The Veterans Affairs Department paid its employees and their attorneys more than $5 million to settle disciplinary action disagreements and avoid litigation between July 2014 and the present.
A congressional inquiry from House Veterans Affairs Committee Chairman Jeff Miller (R-Fla.) found VA used employee settlement agreements 208 times during that same time period. The department used monetary payouts to settle 72 percent of those cases, with the average settlement totaling $24,305.
VA insists its use of employee settlement agreements is in line with other agencies, and department managers are using “proper and critical” tools to close employee cases in the most cost-effective and least disruptive way.
But Congress is skeptical that VA is overusing settlements, and it fears the department may use settlement agreements to silence some whistleblowers.
“In theory, I think these agreements are useful tools to avoid lengthy administrative or legal processes, but it is clear that the potential overuse of these agreements stems from burdensome civil service laws that make it difficult for VA managers to appropriately discipline VA employees,” Miller said during a Sept. 14 committee hearing.
“I also wonder what type of message that VA is sending to other good employees when they allow bad employees to settle for thousands of dollars just because it would be too expensive or embarrassing to litigate,” he added.
VA managers work with the department’s lawyers to review what risks they may encounter if they decide to litigate the case with the employee, said Leigh Bradley, general counsel for VA. Then, they’ll consider how much that litigation might cost and how it might impact the immediate VA workforce.
“This is a key business decision,” she said. “That will include the administrative resources to investigate and process a complaint, loss of employee productivity during deposition and trial testimony, deposition and transcript costs, and, if VA does not prevail, payment of compensatory damages, back pay, interest and attorney fees.”
Prohibited personnel complaints from VA employees to the Office of Special Counsel have increased by 67 percent since 2013. OSC is also currently reviewing 300 VA whistleblower cases and has delivered 169 favorable actions for employees in the past two years.
VA became the first agency to become certified in OSC’s whistleblower procedures and process, said Eric Bachman, deputy special counsel for litigation and legal affairs at OSC.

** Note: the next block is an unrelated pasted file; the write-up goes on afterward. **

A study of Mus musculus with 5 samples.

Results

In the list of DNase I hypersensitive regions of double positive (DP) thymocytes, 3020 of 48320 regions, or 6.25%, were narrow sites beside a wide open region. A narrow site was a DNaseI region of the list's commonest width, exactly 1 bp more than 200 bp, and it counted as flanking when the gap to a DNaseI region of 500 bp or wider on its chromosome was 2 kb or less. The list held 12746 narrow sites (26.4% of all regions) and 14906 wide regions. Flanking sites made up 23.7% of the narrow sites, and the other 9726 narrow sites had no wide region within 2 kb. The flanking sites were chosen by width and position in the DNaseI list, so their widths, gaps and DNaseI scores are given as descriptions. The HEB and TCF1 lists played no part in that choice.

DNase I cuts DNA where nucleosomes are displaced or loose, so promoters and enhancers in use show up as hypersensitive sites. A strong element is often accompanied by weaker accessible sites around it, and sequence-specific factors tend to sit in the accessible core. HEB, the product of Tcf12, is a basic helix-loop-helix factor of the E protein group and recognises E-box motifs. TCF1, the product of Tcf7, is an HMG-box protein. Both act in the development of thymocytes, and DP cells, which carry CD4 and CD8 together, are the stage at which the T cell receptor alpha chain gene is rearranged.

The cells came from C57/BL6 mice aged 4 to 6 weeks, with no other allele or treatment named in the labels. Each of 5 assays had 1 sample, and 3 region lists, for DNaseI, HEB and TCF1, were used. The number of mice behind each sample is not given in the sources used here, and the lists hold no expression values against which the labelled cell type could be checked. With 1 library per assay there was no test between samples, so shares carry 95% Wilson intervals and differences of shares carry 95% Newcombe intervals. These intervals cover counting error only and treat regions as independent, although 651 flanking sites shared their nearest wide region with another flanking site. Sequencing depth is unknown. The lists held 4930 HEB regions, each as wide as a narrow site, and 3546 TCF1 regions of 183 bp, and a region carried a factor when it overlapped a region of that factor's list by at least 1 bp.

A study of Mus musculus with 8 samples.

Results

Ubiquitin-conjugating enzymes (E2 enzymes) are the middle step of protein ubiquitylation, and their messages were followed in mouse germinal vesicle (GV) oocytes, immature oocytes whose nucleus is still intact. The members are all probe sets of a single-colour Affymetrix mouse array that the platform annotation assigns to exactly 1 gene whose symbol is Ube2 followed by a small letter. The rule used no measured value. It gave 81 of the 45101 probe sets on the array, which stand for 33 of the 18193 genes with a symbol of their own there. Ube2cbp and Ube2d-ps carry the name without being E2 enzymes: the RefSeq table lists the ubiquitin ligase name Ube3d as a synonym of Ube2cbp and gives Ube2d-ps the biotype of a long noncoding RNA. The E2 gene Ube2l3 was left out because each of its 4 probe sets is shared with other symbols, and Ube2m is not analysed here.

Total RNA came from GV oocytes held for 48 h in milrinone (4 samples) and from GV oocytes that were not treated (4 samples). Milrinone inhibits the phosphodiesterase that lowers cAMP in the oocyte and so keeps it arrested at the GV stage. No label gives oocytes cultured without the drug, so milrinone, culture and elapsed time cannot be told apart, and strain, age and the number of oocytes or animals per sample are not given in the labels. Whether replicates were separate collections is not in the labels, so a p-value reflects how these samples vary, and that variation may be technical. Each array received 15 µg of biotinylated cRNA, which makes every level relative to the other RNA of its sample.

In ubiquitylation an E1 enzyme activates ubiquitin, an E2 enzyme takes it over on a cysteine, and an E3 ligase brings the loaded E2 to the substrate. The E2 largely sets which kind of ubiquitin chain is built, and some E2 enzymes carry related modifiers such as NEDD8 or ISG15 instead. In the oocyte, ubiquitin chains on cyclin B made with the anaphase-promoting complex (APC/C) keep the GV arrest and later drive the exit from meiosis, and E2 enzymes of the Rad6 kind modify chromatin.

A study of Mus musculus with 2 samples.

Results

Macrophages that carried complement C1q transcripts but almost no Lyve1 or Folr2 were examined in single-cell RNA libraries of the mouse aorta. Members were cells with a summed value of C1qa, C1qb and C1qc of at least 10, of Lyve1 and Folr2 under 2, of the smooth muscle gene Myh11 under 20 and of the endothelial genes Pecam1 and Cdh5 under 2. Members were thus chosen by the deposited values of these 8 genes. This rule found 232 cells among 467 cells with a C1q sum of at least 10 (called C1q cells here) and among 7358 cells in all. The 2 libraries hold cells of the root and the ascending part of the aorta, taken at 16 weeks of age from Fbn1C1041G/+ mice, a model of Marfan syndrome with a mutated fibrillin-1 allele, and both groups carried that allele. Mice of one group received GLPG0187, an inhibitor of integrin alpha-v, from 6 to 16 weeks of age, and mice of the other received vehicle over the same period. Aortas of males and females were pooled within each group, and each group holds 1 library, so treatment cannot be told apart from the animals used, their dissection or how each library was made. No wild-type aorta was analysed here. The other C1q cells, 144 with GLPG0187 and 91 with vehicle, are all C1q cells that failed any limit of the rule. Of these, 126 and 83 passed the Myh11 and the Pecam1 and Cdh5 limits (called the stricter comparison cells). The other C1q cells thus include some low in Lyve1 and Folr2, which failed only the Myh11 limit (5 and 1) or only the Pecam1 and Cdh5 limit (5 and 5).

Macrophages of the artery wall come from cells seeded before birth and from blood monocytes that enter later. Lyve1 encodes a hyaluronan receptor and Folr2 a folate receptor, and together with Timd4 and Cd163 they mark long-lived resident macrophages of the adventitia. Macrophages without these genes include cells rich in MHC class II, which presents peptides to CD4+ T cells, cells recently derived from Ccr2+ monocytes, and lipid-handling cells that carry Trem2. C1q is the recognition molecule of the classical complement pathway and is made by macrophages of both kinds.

VA and OSC both said the rise in the number of personnel and whistleblower cases shows a positive sign that more department employees feel comfortable to come forward and speak out. For Bradley, it’s also a sign that VA leaders are in fact building “a culture of accountability.”
But the committee is concerned the department is using employee settlements to pay off or silence whistleblowers. Bradley said she didn’t believe VA had that problem but didn’t give an answer with certainty.
“I don’t want to say there is no problem,” Bradley said. “I think we’re making a significant culture change, and culture change is hard and it takes a long time. It’s incumbent upon every leader to be asking that kind of question. Are we taking the easy way out here?”
Bradley said the department’s human resources and administration office is beginning to develop a data analytics tool to help managers.
“It’s really using data analytics to be able to give leaders better intelligence about what’s happening at their facility or group of facilities. It’s going to give in concrete terms some ideas about how many complaints have been raised or lodged at this particular facility over some period of time. How many of those cases were settled? What’s the cost of settlement? This is going to give us some ability to see where we might have problems with leaders or we might a culture that is not conducive to a high performing workforce.”
VA should roll out the new tool in November, Bradley said.
A better understanding of how individual medical centers and leaders are using settlement agreements is welcome, the committee said, because VA does not have a departmentwide policy for using or keeping track of employee settlements.
In most cases, individual medical center leaders decide — with legal counsel — whether it should use a settlement to close a disciplinary case with an employee.
“We have longstanding practices of how we work together to evaluate each individual case on its merits,” Bradley said. “That’s done in close consultation with lawyers. In unusual cases, that’s done in close consultation with lawyers in the [VA] central office.”
Funding for each settlement agreement comes from the individual medical center’s operating budget. VA is attuned to each of these settlement agreements, Bradley said, because the department’s funding is precious.
But some members of the committee said the emphasis on time and money when holding VA employees accountable is the wrong approach.
“It seems as those in this settlement practice there is a focus on time and money, and I understand that,” Rep. Julia Brownley (D-Calif.) said. “I understand that on one level. But it seems like that’s the emphasis rather than the principle and the accountability. You’re not going to get to the cultural shifts and changes that need to really permeate deep into the organization unless we are focused more on the principle and the accountability.”